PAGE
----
Eric Kim votes CL the best Leica digital of 2018
Eric Kim, street photographer and the globe-trotting workshopper is one of the most prolific bloggers out there. He has a touch of the philosopher about him and if you sign up you will receive a non-stop barrage of wisdom from the pen of the effervescent Mr Kim.
He has always had his favourites when it comes to cameras, and perhaps the Ricoh GR is the star of his class. He believes it is the best camera for street photography and he definitely has a point. It’s a classic that is unobtrusive (think cheap point and shoot unobtrusive) and yet extremely capable with its large sensor and tack-sharp lens.
From time to time, though, Eric gets the chance to lay his hands on new gear. Recently he was telling us that the Panasonic G9 is the bee’s knees. Now he is bowled over by the Leica CL. “I borrowed by friend Dav’s digital Leica CL for a weekend in Singapore — and, man, I was blown away.” But just why is it that he believes this is the best digital Leica in 2018?
He tried the camera with the Leica-M adapter and a 24mm f/2.8 which works out to about 35mm in full-frame speak. He began to wonder why he would bother with a digital M rangefinder. He prefers the live-view experience over the rangefinder — for more accurate framing and seeing what you are getting. But he also appreciates the overall lighter setup in relation to the M.
I can agree with Eric’s assessment except in one respect. He suggests using the CL exclusively with M lenses and recommends not buying TL lenses. He has good reasons of course. M lenses offer superb quality and are cheaper in the long run because of their all-mechanical design and ability to work with sixty years’ worth of Leica Ms. But this isn’t everything.
The TL lenses are actually rather wonderful, offering M-like image quality and excellent autofocus. In most cases, they are lighter and more in keeping with the ethos of the CL. In fact, if you don’t have a couple of TL lenses you are doing your CL experience a disservice.
My favourite prime, the 35mm Summilux-TL, can hold its own with a 50mm Summilux-M and is an absolute delight to use, despite its weight. It’s actually the odd one out in weighing more than it’s M equivalent. And the tiny 28mm Elmarit pancake lens is a must-have to turn the CL into a very compact and light travel camera. If there is a bad TL lens then I haven’t found it.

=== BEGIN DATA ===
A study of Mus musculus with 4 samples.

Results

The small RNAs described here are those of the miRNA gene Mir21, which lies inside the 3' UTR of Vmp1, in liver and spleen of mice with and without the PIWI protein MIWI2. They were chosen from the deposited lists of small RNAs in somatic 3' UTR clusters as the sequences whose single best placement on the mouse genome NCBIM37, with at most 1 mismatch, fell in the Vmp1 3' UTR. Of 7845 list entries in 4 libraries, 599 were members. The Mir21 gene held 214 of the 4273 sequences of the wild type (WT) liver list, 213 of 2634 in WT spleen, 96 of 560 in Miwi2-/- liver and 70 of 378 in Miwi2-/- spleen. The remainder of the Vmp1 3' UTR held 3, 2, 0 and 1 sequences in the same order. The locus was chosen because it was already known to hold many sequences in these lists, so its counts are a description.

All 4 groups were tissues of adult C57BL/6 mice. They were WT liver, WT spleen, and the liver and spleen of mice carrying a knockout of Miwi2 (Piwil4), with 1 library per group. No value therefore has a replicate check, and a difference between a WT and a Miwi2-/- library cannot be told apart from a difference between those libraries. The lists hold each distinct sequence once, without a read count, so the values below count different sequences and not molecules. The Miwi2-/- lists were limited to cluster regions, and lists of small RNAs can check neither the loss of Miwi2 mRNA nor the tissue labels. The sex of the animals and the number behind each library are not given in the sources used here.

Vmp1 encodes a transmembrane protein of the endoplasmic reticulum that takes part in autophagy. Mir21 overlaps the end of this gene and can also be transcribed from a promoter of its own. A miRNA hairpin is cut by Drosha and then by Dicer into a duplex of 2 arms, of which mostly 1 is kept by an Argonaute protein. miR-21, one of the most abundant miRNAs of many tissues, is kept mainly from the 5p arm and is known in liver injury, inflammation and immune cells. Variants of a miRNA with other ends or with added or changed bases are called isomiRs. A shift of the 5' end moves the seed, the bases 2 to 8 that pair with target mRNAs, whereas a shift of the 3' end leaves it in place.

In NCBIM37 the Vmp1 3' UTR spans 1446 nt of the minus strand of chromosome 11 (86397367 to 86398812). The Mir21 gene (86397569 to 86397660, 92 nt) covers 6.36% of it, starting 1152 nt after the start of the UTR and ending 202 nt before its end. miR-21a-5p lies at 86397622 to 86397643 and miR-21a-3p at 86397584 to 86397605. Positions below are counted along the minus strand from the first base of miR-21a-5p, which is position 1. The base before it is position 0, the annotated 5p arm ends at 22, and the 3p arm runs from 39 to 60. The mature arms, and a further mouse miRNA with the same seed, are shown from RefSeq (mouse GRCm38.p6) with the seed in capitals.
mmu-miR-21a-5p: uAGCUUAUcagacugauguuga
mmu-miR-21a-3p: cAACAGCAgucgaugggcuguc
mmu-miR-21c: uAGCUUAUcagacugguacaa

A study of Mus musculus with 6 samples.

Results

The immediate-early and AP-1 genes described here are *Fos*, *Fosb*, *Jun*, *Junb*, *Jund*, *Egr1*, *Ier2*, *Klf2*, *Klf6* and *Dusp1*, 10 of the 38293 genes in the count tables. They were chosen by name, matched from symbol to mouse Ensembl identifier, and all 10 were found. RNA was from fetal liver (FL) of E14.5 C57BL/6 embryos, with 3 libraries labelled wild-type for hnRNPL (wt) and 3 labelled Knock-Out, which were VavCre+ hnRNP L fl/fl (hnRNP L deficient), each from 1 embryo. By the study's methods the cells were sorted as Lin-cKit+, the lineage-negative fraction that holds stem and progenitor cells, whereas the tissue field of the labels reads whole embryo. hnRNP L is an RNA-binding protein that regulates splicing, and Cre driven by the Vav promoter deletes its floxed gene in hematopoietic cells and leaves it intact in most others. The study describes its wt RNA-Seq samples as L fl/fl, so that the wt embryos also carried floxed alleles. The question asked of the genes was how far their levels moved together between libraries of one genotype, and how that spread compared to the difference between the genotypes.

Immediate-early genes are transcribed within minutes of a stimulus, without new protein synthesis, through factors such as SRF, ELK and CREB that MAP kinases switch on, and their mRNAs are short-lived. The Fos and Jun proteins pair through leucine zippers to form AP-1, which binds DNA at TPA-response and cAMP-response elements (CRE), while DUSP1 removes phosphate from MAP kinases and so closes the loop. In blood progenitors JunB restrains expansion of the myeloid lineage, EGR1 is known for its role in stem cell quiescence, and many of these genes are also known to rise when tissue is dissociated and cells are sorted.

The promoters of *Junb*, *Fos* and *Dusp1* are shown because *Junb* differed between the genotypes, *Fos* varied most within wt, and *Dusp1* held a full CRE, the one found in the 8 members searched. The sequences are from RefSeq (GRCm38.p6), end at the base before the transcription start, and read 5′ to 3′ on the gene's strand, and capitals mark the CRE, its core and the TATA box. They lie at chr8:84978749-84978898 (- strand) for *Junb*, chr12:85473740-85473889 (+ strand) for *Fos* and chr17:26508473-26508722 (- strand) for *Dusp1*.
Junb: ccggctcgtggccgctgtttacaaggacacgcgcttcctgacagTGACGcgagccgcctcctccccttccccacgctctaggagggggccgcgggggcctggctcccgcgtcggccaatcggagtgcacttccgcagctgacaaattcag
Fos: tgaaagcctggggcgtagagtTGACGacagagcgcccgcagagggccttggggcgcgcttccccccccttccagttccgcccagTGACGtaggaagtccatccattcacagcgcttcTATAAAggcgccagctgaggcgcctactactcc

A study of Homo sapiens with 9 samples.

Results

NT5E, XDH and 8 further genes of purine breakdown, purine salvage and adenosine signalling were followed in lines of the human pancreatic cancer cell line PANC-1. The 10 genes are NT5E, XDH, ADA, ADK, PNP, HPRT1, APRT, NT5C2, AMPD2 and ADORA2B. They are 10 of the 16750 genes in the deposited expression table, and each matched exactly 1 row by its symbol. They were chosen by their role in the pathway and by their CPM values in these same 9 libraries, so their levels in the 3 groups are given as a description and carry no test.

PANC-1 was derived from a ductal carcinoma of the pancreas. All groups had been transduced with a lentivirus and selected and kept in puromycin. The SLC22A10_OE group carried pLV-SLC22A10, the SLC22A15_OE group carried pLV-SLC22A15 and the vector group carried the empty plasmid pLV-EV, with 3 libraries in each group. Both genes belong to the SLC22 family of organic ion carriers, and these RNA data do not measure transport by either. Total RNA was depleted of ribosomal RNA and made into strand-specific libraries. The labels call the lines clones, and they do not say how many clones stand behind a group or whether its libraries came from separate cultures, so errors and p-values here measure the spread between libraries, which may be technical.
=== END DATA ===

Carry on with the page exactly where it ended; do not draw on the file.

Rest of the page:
But back to Eric because, after all, this is his story. He is a huge fan of the Leica CL because, as he says, it is a case study in minimalism.
- “Fewer buttons (only 3 buttons on the back, and simple dials on top).
- “No superfluous markings on the camera (simple and clean).
- “Less price (cheaper than other Leica digital cameras in the range)
- “Less weight (means you will carry it with you more, and shoot more!)
- “Probably co-engineered with Panasonic/Lumix– which I actually really like (I am currently shooting with a Lumix G9 and Lumix LX100)”
In the same week as his CL experience, Eric had the chance to bolt a 28mm Elmarit-M lens onto a new Leica M10 take it out for a spin. He decided that “it is evident that the new Leica M10 is the best digital rangefinder for street photography.” Read the full story here.
I'm not quite sure how this ties in with the accolades for the CL but Leica comes out of this smelling rather sweetly of roses.
Eric is right in both his assessment of the CL and his verdict on the M10. The M10 is definitely the best digital rangefinder ever made by Leica. It’s compact and feels just like a film M7. And the CL is lighter and even more compact, not much bigger than the original Barnack Leica, and comes with a range of superb autofocus lenses.
Editor's note: While there is probably considerable Panasonic know-how incorporated in the CL, it isn’t a joint effort in the same way as the D-Lux (LX100), V-Lux (TZ2000) or C-Lux (TZ200). These are Lumix-made cameras adopted by Leica whereas the CL is a Leica design and is assembled in Europe, hence the “Made in Germany” label. Note that the Leica C-Lux is “Made in China” (as is its main competitor, the Sony RX100 IV).
- Subscribe to Macfilos for free updates on articles as they are published
- Want to comment on this article but having problems?